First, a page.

Dorrell takes sting out of GPs' complaints

Stephen Dorrell, the Secretary of State for Health, will today seek to neutralise family doctors as a weapon for the Labour Party in the election, with a package of 70 initiatives to improve morale among GPs. Mr Dorrell will publish a White Paper in effect meeting a shopping list of demands for which GPs have campaigned for years.

Although the detailed initiatives will be seen as small in themselves, the White Paper is aimed at tackling low morale and stop the GPs being recruiting sergeants for Tony Blair in the election.

Family doctors are regarded as important opinion-formers in their communities, and ministers are clearly determined to keep them happy until the election is over.

Labour may cry "foul" over the White Paper which includes pilot schemes for GP joint commissioning - the system which Labour believes ought to replace GP fundholding, and which has led to clashes between Mr Dorrell and Chris Smith, his Labour counterpart.

The White Paper, called Primary Care: Delivering the Future, offers GPs more incentives to rejoin practices after career breaks to start a family, more retraining, a doubling to pounds 50m of the money for research and development, and inclusion in the NHS pension scheme for practice teams.

GP fundholders are to be given the right to use savings on budgets for health care to invest in new premises or land for buildings. They will be helped with loans or grants to buy themselves out of leases on poor premises.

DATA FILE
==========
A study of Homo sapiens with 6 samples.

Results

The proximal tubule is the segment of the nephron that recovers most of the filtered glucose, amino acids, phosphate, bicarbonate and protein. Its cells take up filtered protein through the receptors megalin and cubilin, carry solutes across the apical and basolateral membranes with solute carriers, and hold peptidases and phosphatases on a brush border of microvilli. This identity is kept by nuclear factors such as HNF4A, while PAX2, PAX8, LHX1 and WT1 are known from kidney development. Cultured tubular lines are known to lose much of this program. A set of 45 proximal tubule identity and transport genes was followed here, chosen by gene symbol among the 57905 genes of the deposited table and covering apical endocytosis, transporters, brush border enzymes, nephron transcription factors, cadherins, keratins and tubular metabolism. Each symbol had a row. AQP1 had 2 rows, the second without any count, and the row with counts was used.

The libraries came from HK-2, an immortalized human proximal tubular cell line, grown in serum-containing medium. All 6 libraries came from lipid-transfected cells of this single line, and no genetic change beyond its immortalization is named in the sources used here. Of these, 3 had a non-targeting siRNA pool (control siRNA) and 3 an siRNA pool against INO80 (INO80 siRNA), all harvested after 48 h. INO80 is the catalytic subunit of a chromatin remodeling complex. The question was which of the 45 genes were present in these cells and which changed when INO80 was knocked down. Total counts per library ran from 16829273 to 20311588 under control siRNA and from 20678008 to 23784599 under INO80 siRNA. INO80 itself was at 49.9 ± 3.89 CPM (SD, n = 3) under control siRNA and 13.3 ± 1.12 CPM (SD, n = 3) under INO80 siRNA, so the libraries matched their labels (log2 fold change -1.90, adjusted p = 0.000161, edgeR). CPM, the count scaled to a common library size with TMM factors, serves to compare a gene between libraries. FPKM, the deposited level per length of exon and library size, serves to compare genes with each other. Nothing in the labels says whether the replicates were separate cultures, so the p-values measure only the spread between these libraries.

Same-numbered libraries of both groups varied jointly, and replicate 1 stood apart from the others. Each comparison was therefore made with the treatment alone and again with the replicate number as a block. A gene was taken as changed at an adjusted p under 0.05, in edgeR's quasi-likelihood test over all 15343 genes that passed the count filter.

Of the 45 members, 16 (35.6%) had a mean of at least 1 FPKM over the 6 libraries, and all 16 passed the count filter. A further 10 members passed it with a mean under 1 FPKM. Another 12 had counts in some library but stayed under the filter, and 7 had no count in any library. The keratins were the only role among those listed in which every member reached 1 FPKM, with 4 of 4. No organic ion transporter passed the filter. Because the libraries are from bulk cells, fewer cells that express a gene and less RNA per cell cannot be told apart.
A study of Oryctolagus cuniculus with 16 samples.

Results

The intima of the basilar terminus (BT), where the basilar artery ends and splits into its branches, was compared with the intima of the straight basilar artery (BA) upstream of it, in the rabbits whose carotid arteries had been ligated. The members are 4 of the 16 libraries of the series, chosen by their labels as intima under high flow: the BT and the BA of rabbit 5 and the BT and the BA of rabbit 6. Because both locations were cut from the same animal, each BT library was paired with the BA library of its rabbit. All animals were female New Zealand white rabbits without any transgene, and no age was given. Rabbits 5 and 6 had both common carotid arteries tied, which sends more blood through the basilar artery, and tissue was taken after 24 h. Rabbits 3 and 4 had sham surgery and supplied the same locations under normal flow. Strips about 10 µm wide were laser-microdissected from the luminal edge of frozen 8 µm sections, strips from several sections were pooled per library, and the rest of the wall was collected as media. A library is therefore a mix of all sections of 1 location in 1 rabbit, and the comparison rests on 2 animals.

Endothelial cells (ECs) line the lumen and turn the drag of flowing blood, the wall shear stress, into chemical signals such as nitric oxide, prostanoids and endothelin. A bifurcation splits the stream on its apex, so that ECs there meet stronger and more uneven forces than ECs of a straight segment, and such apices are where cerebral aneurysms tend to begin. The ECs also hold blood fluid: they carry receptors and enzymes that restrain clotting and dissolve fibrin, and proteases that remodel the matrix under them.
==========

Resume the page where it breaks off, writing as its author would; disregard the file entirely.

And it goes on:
The White Paper will herald a fresh drive to get private finance into capital projects for family doctor services on the NHS. Ministers deny it will mean privatising the health service. Private money may be used for building new cottage hospitals, where patients could undergo operations closer to their homes.

The plans include extending the nurse prescribing pilot scheme from April 1997 in 500 GPs' practices where a total of 1,500 nurses will be given prescribing power. The aim would be to throw it open to the rest of the country by April 1998.

The White Paper fills the gaps left by the NHS Primary Care Bill, which enables a wide range of pilot schemes for the expansion of family doctor services from April 1998.

The Bill faces Labour challenges in the committee stage today in the House of Lords. Baroness Jay, the Labour shadow health minister in the Lords, has tabled an amendment to stop private companies proposing pilot schemes, which could forbid Unichem, the chain of pharmacists, from going ahead with plans to run surgeries incorporating their own chemists' shops.

Labour regards the health service as its strongest battleground for the general election, but Mr Dorrell has intensified the pressure by issuing a string of policy initiatives, focusing on the Government's strategy for expanding family doctor services to include more services. The BMA fears it could drain money away from hospitals.

Labour may see the White Paper as an attempt to divert attention from a threatened winter crisis in NHS hospitals, where GPs have been forced in some areas to delay operations until next April when some of the extra pounds 1.6bn for the NHS becomes available.